Earlier this week the Environmental Protection Agency released new guidelines that set limits on how much diesel fuel can be used in fracking fluids. Oil and gas companies have long resisted giving up the recipe to their secret sauces, because they’d be revealing “trade secrets,” or chemical formulas they consider proprietary. That’s akin to McDonald’s withholding the recipe for the Thousand Island dressing gunk they put on Big Macs –– if the dressing were also laced with carcinogenic chemicals.
Thanks to what’s commonly known as the Hallibuton loophole, hydraulic fracturing is exempt from the Safe Drinking Water Act, except when diesel is used in the process. Still, environmental activists see the regulation as a step in the right direction. When the guidelines go into effect later this year, it will be EPA’s first formal regulation of the threats that fracking poses to underground sources of drinking water.
Of course, most oil and gas companies still deny using diesel in their McFrack attack, despite the fact that many companies admitted it to FracFocus.org, a quasi-governmental reporting website.
We may never know the full list of ingredients in the fracking fluid, but Static is confident that it’s not the same stuff McDonald’s uses to flavor its McRib sandwich.
Please drive through.
Drive Like Granny
And while you’re rolling, please ignore the Texas Department of Transportation’s new “Drive to Conditions” promotion. TXDOT’s campaign is designed to prompt drivers to change their driving behavior depending on road conditions such as traffic congestion, construction, and weather. Uh, OK. What next, a promotion reminding drivers to breathe in and out so they don’t pass out from lack of oxygen?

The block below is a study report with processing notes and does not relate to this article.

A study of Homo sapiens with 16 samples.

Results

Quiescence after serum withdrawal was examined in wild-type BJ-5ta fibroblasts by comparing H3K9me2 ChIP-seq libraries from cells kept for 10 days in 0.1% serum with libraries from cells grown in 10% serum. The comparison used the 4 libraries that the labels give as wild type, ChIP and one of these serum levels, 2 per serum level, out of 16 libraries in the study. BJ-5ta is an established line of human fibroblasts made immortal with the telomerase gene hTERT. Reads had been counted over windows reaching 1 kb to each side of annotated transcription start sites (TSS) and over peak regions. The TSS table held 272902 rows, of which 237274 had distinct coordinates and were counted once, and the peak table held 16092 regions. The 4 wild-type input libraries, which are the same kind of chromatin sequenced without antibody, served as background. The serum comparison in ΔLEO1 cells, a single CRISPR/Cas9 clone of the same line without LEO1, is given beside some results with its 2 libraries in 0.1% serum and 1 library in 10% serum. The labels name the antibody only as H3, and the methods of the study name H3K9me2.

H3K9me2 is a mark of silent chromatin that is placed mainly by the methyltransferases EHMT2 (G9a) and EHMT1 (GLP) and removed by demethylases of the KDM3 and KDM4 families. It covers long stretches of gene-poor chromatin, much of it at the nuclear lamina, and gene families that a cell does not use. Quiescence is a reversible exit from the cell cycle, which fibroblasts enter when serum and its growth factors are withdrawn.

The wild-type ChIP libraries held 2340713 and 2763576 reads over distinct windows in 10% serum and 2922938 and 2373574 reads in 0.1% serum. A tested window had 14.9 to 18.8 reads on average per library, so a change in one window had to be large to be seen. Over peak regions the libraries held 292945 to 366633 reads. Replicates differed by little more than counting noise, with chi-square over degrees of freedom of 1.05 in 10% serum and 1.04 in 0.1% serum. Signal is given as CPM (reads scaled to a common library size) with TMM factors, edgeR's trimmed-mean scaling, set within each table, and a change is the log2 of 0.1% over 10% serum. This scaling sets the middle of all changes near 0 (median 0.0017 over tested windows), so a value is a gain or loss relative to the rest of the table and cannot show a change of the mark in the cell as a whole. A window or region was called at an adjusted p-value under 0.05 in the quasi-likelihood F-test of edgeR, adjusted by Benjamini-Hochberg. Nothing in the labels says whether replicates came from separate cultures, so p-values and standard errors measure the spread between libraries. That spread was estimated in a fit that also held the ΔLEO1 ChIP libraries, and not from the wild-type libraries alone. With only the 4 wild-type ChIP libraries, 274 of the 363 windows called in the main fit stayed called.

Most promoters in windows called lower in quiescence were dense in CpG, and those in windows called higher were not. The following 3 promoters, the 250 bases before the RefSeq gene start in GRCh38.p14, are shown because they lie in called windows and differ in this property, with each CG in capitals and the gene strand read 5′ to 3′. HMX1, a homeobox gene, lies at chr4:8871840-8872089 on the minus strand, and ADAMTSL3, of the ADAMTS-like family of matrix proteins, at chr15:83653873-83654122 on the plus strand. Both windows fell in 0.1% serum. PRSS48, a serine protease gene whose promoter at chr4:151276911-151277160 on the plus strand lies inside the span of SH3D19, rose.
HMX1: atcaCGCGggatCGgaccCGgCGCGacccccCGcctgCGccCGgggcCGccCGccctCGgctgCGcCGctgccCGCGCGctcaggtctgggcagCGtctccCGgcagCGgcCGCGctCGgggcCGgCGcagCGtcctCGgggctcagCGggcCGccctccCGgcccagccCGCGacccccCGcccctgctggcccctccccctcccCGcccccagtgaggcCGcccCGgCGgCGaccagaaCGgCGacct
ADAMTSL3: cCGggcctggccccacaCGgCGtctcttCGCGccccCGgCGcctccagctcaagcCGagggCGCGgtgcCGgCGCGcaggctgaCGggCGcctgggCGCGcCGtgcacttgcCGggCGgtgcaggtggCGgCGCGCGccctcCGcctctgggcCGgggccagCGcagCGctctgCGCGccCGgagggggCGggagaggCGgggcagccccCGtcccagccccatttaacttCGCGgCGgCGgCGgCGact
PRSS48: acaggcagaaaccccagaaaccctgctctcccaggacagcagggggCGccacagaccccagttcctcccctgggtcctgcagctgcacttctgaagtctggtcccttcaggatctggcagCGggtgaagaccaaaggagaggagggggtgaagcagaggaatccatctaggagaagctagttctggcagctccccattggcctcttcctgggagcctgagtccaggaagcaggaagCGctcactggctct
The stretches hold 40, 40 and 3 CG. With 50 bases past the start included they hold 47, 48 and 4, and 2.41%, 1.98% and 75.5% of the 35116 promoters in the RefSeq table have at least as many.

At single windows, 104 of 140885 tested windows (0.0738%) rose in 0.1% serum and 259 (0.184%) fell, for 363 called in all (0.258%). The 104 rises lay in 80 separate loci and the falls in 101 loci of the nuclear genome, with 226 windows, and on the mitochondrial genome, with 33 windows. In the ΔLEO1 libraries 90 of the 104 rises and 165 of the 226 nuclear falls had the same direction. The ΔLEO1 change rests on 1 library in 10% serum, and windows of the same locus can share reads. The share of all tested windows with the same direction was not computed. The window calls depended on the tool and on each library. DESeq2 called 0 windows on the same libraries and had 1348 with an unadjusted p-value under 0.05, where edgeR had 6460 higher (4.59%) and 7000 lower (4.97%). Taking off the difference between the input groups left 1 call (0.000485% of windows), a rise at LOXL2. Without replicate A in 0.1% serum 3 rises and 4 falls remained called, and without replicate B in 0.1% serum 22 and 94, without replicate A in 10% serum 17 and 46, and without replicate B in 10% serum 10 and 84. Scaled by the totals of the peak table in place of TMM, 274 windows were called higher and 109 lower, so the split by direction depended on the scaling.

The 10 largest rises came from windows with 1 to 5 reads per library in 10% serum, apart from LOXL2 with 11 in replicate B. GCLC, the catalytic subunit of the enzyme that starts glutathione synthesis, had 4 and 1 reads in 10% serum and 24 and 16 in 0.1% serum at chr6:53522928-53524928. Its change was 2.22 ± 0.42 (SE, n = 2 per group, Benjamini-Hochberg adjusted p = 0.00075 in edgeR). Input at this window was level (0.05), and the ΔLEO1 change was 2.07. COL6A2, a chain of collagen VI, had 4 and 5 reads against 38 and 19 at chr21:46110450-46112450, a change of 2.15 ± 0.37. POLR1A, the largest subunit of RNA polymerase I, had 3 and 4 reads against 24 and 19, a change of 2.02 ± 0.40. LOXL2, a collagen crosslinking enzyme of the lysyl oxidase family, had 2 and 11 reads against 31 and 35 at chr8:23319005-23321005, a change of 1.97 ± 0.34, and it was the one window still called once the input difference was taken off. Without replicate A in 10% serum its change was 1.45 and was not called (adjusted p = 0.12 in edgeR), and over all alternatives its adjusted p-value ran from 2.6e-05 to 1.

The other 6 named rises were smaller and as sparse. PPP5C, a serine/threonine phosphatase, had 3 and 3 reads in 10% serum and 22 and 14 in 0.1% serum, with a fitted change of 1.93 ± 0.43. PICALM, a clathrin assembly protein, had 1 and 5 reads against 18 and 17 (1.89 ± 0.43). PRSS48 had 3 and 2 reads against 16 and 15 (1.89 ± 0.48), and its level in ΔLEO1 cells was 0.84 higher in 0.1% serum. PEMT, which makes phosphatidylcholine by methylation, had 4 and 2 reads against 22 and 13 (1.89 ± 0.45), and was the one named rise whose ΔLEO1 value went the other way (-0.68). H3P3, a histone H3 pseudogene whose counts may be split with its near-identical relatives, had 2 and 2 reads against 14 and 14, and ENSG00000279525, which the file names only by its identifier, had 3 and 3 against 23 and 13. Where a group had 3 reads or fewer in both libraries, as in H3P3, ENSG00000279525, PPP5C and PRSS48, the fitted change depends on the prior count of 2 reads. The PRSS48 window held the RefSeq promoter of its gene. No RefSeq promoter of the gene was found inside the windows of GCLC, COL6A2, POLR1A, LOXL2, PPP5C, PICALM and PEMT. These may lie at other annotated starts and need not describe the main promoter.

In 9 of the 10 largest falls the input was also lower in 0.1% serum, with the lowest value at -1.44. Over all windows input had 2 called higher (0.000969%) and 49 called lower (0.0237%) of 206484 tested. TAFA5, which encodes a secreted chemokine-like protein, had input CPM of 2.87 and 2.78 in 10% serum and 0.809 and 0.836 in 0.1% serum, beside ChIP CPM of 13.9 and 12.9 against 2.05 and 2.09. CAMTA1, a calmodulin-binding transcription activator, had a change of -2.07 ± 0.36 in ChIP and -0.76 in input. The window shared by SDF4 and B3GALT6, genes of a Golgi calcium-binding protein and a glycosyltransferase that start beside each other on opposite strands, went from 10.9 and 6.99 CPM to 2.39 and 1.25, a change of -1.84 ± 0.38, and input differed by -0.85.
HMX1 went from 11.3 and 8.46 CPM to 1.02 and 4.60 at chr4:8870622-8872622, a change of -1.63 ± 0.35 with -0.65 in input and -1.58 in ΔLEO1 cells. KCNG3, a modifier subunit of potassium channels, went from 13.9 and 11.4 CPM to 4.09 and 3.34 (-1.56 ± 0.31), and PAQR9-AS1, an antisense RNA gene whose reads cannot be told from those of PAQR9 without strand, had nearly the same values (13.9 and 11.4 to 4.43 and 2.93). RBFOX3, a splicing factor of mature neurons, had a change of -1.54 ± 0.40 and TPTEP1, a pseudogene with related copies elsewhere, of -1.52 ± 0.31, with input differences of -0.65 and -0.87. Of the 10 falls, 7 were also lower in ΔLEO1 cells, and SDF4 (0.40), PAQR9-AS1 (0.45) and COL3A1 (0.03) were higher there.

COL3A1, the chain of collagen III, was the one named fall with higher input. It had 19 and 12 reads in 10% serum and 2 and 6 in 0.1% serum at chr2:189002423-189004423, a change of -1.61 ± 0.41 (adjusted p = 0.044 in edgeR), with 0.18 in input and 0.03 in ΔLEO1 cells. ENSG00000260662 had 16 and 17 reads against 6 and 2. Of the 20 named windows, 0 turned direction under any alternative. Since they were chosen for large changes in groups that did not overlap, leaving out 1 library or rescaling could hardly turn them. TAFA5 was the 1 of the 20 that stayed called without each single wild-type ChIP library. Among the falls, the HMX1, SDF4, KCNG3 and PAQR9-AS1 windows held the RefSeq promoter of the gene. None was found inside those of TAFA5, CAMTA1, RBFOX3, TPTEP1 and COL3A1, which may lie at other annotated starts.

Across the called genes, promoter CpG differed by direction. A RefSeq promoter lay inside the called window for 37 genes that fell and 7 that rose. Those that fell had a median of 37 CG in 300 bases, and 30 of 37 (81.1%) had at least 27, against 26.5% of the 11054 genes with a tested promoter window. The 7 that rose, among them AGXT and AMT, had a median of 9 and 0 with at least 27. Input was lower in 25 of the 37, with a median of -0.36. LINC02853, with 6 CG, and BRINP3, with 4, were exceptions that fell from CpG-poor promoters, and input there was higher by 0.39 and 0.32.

Texas recorded 3,399 traffic fatalities in 2012, a 10.8 percent increase over 2011. And 737 of those deaths occurred in the Metroplex. These sobering statistics prompted the new campaign.
Hey, TXDOT, thanks for being proactive and all, but the biggest danger in icy weather around here comes from overreacting drivers who slam on their brakes at the mere thought of a dime-sized patch of black ice. And how about the motorists who slow to a near stop on I-20 when approaching a bridge, oblivious to the chain reaction it caused for motorists behind them driving at rational speeds? The new campaign, when you cut through the extraneous passages, basically says to slow down and drive safe. Our tax dollars at work.